Linked by Nicholas Blachford on Wed 11th Aug 2004 07:53 UTC
Editorial Computers are complex systems but it's a mistake to assume they need to be complex to use. However, usability is not as easy as it may first seem. It is a different discipline from software development lacking the strict logic or having a "right way". There are only differing requirements and differing collections of guidelines. Making things easy is difficult.

I personally don't find it much easier to whip the cursor up to the top of the screen with mouse on a Mac, compared with the KDE's menu per app window approach that I normally use, but perhaps I have better mouse coordination than the average user. Mac screens have got bigger and so you would need to use more mouse acceleration than you used to, which might make the mouse feel 'over geared' for other uses.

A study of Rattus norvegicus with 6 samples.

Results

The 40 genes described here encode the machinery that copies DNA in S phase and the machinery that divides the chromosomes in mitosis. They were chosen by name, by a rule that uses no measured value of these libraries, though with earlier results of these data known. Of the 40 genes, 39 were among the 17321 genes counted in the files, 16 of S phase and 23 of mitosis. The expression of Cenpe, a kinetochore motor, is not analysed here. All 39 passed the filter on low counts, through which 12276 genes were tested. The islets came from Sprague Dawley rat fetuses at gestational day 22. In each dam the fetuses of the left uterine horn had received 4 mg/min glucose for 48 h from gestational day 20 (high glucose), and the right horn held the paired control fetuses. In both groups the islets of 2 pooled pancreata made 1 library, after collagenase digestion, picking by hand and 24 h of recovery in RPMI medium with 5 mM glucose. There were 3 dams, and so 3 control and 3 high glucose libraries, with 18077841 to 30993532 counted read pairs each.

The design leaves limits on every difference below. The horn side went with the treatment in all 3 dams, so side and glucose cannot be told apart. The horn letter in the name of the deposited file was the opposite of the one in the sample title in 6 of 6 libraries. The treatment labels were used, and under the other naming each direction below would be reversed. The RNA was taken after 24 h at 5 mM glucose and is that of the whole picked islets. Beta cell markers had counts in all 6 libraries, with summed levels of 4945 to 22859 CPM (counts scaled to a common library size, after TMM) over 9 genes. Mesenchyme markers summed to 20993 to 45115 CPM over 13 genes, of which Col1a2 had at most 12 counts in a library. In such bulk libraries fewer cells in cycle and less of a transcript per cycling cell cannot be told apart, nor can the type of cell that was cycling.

I liked the menu system on NeXTStep best - by default the menu for the current app was at the top left corner of the screen, and the menu items were underneath each other, not left to right horizontally. I don't know if there are any usability 'laws', but I find it easier to drag down through a menu than drag across.

You could more the menu to anywhere you like and it would stay there for that specific app. Or you could configure the menu position globally for all apps. Also you could right click on the two button mouse, and the menu for the current app would appear at the mouse position. Submenus could also be torn off and positioned anywhere on the screen.